Thunder Bay

CN's James Street bridge appeal dismissed by Supreme Court of Canada

The Supreme Court of Canada has dismissed CN Rail's appeal of a court case involving the James Street Swing Bridge.

Supreme Court of Canada dismisses case, with costs

The Supreme Court of Canada dismissed an appeal from CN Rail regarding the James St. Swing Bridge. (Matt Prokopchuk/CBC)

The Supreme Court of Canada has dismissed CN Rail's appeal of a court case involving the James Street Swing Bridge.

The court announced the decision Thursday morning, noting it will not overturn an Ontario Court of Appeal decision from June, 2018.

The Ontario Court of Appeal ruled the railway needed to repair and re-open the bridge to vehicular traffic. CN appealed that decision to the Supreme Court.

"With this decision, CN has run out of options to delay. CN has failed to convince the highest court in Canada to allow a further appeal," Thunder Bay Mayor Bill Mauro said in a statement.

"CN must fix its bridge and reopen this important connection between Thunder Bay and Fort William First Nation."

The city said CN has failed to uphold its legally binding 1906 Agreement with the city to maintain and keep it open to vehicular traffic.

The City of Thunder Bay will hold a media conference at 11 a.m. on Thursday to give further comment on the matter.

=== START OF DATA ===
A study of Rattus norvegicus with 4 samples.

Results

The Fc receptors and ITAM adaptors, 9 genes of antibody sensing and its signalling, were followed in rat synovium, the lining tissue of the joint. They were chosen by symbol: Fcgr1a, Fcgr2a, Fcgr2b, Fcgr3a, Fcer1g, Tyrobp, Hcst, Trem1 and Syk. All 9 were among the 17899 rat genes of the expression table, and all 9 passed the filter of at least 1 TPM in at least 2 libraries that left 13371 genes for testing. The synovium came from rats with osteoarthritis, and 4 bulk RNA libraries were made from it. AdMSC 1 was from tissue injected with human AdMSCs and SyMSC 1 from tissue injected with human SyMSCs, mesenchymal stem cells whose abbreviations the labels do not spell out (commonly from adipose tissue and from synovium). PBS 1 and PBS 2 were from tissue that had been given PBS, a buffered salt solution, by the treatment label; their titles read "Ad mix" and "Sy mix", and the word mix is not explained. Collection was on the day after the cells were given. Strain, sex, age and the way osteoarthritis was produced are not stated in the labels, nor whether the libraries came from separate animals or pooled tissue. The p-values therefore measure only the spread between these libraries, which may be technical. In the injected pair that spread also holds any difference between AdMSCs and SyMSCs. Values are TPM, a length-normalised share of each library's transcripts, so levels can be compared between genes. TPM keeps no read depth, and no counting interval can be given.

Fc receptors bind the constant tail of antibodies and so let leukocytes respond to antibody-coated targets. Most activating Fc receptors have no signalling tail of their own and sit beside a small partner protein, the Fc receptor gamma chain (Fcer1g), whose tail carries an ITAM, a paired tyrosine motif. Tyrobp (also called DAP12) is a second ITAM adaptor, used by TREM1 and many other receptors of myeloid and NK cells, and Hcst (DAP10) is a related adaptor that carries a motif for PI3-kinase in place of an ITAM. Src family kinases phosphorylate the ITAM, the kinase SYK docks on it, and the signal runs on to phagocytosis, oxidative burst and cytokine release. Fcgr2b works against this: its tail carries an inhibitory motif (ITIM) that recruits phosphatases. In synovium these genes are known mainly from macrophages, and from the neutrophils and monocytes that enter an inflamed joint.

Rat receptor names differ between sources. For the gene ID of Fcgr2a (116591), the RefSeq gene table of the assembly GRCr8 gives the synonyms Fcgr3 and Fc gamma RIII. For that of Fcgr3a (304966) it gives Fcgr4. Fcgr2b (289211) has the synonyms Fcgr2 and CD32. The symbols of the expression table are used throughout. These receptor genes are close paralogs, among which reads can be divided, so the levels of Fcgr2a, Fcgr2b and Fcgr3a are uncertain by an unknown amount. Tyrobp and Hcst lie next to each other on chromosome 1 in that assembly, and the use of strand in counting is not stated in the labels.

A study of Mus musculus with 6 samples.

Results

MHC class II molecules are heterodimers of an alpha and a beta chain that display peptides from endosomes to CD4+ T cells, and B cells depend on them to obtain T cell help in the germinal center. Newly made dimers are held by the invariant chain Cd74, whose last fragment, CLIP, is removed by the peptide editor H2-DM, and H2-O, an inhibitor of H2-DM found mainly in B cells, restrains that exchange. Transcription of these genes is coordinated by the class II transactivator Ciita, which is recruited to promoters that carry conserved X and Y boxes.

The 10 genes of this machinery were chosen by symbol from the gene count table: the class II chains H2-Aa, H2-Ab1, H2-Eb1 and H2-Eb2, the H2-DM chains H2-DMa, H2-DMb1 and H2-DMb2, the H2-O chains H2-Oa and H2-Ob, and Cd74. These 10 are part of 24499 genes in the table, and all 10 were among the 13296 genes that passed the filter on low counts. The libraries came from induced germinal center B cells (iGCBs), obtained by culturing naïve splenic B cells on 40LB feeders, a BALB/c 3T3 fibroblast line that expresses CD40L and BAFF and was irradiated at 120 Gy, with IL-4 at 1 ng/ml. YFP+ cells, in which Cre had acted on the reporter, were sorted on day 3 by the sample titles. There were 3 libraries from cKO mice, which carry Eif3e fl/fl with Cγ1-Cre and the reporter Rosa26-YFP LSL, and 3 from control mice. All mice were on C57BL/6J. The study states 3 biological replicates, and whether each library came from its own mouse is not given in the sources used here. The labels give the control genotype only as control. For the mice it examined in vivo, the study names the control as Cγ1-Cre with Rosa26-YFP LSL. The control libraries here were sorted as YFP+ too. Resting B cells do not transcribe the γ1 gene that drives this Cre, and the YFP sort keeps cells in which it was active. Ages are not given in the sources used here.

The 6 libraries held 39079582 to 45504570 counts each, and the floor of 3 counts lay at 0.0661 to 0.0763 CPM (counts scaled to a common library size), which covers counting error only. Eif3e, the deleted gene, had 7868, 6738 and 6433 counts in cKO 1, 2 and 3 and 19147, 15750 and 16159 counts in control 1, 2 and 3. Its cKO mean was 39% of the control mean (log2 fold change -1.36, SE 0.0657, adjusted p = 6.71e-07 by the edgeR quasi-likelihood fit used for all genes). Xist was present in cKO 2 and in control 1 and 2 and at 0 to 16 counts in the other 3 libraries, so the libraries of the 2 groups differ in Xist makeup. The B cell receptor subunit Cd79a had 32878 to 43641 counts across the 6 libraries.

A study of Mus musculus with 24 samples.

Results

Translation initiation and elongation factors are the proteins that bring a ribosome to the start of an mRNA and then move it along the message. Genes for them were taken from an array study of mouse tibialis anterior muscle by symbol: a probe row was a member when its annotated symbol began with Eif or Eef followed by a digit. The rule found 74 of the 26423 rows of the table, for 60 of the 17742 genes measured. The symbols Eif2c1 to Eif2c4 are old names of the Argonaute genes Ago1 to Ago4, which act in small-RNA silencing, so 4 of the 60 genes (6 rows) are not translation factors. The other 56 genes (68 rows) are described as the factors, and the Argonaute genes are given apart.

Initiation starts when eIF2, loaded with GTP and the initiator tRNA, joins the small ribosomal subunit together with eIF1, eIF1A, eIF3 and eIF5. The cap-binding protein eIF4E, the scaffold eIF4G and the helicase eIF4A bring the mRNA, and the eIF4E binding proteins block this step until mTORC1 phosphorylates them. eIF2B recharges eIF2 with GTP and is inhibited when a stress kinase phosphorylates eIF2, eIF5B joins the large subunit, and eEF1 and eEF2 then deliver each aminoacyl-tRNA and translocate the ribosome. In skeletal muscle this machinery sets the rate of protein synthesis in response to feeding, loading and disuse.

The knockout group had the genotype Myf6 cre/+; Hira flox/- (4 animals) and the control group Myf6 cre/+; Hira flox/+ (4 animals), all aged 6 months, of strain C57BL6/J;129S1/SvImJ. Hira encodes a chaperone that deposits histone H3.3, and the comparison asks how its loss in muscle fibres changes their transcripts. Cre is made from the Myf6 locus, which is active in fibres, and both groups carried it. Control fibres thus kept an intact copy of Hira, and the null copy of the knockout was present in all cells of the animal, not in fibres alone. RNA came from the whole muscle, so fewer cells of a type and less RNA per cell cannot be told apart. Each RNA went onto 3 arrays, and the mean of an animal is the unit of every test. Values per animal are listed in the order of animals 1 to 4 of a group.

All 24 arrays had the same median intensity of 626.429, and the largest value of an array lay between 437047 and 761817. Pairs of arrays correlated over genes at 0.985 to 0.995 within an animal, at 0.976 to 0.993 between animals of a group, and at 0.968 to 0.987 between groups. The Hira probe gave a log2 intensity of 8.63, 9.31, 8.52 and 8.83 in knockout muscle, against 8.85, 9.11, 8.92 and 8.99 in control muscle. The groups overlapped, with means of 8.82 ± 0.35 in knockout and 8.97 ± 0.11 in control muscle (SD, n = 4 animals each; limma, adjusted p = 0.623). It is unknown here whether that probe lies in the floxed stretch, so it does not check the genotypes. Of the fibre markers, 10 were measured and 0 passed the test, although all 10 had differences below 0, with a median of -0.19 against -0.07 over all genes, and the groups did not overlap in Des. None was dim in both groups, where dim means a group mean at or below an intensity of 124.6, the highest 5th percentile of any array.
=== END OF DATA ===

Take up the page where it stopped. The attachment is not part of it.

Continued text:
Lots of legal battles

CN attempted to obtain a stay in its case, which was denied in November, 2018. In that decision, Justice Janet Simmons noted, "it is unlikely that CN will succeed in its application for leave to appeal to the Supreme Court of Canada."

The railway originally signaled in July 2018 that it would apply for leave to the Supreme Court of Canada, which at the time, "outraged" the City of Thunder Bay.

In the stay decision, the railway said it had already started the process for construction drawings to have the bridge repaired, and those drawings could be ready by mid-December.

The city has maintained since the bridge caught on fire in October 2013, a 1906 agreement between the Town of Fort William, now the City of Thunder Bay and the Grand Trunk Railway, which is now CN Rail, bound the railway to maintain the bridge to vehicular traffic in perpetuity.

The Ontario Superior Court of Justice ruled in June 2017 the railway, CN, was not responsible for repairing the bridge to again allow vehicle traffic across the structure. 

The city appealed that decision in August 2017, and the original ruling was overturned by the Ontario Court of Appeal in June 2018.

The decision from the court of appeal said, "the right to cross the bridge perpetually, and the obligation to maintain the bridge in perpetuity can only mean the parties intended the bridge to be open for any kind of vehicle, not just horses and carts."

CN Rail then applied for leave to the Supreme Court of Canada in July 2018.

"We are confident that the decision of the Court of Appeal is correct," former Mayor Keith Hobbs said at the time.

Mauro said the city is pleased with the court decision, but has not yet seen drawings as to how the bridge will be repaired.

He said the city is concerned CN may try another legal avenue to delay repairing the bridge, but is unsure of what other recourse the company could take.

About the Author

Jeff Walters


Born and raised in Thunder Bay, Jeff is proud to work in his hometown, as well as throughout northwestern Ontario. Away from work, you can find him skiing (on water or snow), curling, out at the lake or flying.